Council President Darrell Clarke recently introduced legislation which would create a civilian enforcement arm to the Philadelphia Police Department, specifically for traffic and low-level issues, hopefully providing for safer streets and dealing with congestion in West Philly, Center City, and Manayunk (at least at first.)
The Bicycle Coalition supports this idea and testified in favor of the legislation on Monday, with the idea that civilian enforcement officers could help provide safer streets via ticketing motorists who illegally park in the bike lane, and those who block “the box” and the crosswalk, which will make the streets safer for pedestrians.
Below, see the Bicycle Coalition’s full testimony to City Council about Bill 180818.
Thank you for the opportunity to testify today. The Bicycle Coalition of Greater Philadelphia applauds Council President Clarke for introducing Resolution 180818 and for holding this hearing regarding making Philadelphia safer for all road users, and to better deal with congestion for Philadelphians.
One of the big transportation stories of the last few years in Philadelphia has been congestion and safety. As was reported in the Philadelphia Inquirer in January, Center City added 16,558 jobs from 2008 to 2017. Nearly 7,000 vehicles a day travel Chestnut Street east of Broad Street, up 17 percent since 2011.
And although Center City makes up just seven percent of Philadelphia’s total land mass, it accounts for 42 percent of the city’s jobs and about 80 percent of our tourism.
Center City is generally considered one of the most walkable parts of Philadelphia, and, based on our bike counts and the federal government’s surveys over many years, one of the most- biked places in the city and, actually, the entire country.
Philadelphia has the largest share of bicycle commuters of any large city in the country, and the plurality of them head into Center City. They come from every direction.
According to the latest U.S. Census data, 7.3 percent of commuters in the Greater Center City area get to work by bike. 8.1 percent of commuters from South Philadelphia area arriving at their jobs by bike.
We’re additionally seeing an increasing bicycle population in West, Southwest and, most interestingly, Northwest Philadelphia. These numbers do not include college students or people who work from home but use a bicycle to get around the city. Between 2016 and 2017, as bicycling fell in cities like San Francisco; Los Angeles; and Austin, TX; it grew in Philadelphia by 20 percent.
While congestion is an issue in Philadelphia, from the cycling community’s perspective, we look at this as a way to make our streets safer. And we have data from New York City, Baltimore, Chicago and Seattle, to show that civilian officers have had a positive effect on safety of pedestrians, cyclists, and motorists in the city.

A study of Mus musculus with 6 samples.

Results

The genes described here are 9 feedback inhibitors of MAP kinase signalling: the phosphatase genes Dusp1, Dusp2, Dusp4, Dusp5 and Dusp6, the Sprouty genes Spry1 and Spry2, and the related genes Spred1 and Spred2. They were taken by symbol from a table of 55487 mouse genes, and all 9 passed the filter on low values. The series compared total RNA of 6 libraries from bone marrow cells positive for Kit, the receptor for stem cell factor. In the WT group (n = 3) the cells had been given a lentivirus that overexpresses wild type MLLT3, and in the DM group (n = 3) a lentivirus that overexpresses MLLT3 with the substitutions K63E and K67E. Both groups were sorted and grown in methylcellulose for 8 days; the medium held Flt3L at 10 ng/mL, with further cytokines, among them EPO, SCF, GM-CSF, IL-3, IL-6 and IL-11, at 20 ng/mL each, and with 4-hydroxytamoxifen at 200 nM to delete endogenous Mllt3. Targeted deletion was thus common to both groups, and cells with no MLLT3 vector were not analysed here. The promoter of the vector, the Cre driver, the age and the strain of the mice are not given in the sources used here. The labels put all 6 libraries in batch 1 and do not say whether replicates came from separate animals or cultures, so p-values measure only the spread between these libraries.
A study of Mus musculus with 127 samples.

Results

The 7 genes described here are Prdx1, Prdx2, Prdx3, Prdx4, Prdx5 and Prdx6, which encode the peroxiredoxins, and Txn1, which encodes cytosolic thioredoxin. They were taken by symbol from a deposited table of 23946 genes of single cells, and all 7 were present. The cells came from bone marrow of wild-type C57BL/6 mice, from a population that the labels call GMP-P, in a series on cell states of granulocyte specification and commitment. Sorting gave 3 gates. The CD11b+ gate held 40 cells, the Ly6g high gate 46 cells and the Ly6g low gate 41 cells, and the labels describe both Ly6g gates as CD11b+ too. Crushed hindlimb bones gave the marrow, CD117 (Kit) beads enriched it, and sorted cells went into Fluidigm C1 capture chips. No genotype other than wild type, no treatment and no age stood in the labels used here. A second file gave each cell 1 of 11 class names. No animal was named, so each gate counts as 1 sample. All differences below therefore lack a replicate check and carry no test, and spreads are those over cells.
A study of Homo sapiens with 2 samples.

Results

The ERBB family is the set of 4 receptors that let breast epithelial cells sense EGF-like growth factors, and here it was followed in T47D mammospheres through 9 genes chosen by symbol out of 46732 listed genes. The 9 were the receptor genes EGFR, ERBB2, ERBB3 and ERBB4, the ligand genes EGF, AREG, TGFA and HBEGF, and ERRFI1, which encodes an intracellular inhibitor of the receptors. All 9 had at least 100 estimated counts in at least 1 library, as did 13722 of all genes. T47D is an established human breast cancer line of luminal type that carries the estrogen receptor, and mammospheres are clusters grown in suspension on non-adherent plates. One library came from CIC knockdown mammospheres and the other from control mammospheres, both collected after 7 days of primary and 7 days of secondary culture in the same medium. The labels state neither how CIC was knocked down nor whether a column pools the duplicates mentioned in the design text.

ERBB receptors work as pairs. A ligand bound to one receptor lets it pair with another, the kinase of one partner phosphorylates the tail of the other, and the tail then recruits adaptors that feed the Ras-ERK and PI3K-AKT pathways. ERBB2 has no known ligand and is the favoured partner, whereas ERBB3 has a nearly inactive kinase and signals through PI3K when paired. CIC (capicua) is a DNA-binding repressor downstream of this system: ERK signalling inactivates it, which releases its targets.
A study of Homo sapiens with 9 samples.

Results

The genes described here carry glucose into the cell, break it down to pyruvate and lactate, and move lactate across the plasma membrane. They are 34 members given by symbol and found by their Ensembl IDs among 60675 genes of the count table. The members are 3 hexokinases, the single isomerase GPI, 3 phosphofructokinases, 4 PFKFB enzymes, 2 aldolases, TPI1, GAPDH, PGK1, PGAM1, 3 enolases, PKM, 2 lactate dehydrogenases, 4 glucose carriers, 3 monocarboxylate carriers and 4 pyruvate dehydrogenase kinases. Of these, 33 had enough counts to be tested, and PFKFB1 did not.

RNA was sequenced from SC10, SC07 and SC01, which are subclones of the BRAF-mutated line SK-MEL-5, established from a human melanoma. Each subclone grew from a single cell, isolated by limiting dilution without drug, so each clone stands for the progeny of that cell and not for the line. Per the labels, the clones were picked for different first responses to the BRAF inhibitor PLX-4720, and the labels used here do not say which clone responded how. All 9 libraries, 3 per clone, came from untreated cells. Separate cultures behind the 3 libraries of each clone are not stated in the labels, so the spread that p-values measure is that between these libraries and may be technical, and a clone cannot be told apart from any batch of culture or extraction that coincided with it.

There are streets in Center City where, at any time of day, you will find a commercial or private vehicle parked in the bike lane. PPA data has shown a 173 percent increase in tickets for vehicles parked in bike lanes since 2014—and, talk to any cyclist who navigates through the city on a regular basis, and they will tell you it’s not nearly enough.
The Bicycle Coalition believes civilian officers could have a positive impact on congestion, safety and could help enforce illegal parking which, more than anything, slows down traffic and frustrates driver, putting all road users at risk.
Incorporating bicycle safety courses in training modules can educate officers on the role cyclists and pedestrians play in overall traffic patterns and assist them in finding the best methods to ensure motorists, transit, pedestrians, and cyclists all feel safe.
Additionally, bicycle safety courses can improve interest in biking safety and enforcement and remove misconceptions officers may have of cyclists.
There are concerns, too. During the implementation phase, we believe it’s important to ensure, among other things, there are checks on civilian enforcement officers as it pertains to racial bias. There are examples throughout the country, in cities like Tampa, Chicago and across the river, in Camden, NJ, where civilian and police enforcement officers have issued a disproportionate number of tickets for minor offenses in African-American communities, which is something we need to make sure does not happen here.
We agree all unsafe behavior by all road users, including bicyclists, should be addressed in this new enforcement effort. But, we caution that cyclists should not be singled out for disproportional enforcement such as we have seen in other cities, such as New York City. Education and enforcement must go hand in hand together to send an important public safety message about the need for everyone to put safety over convenience.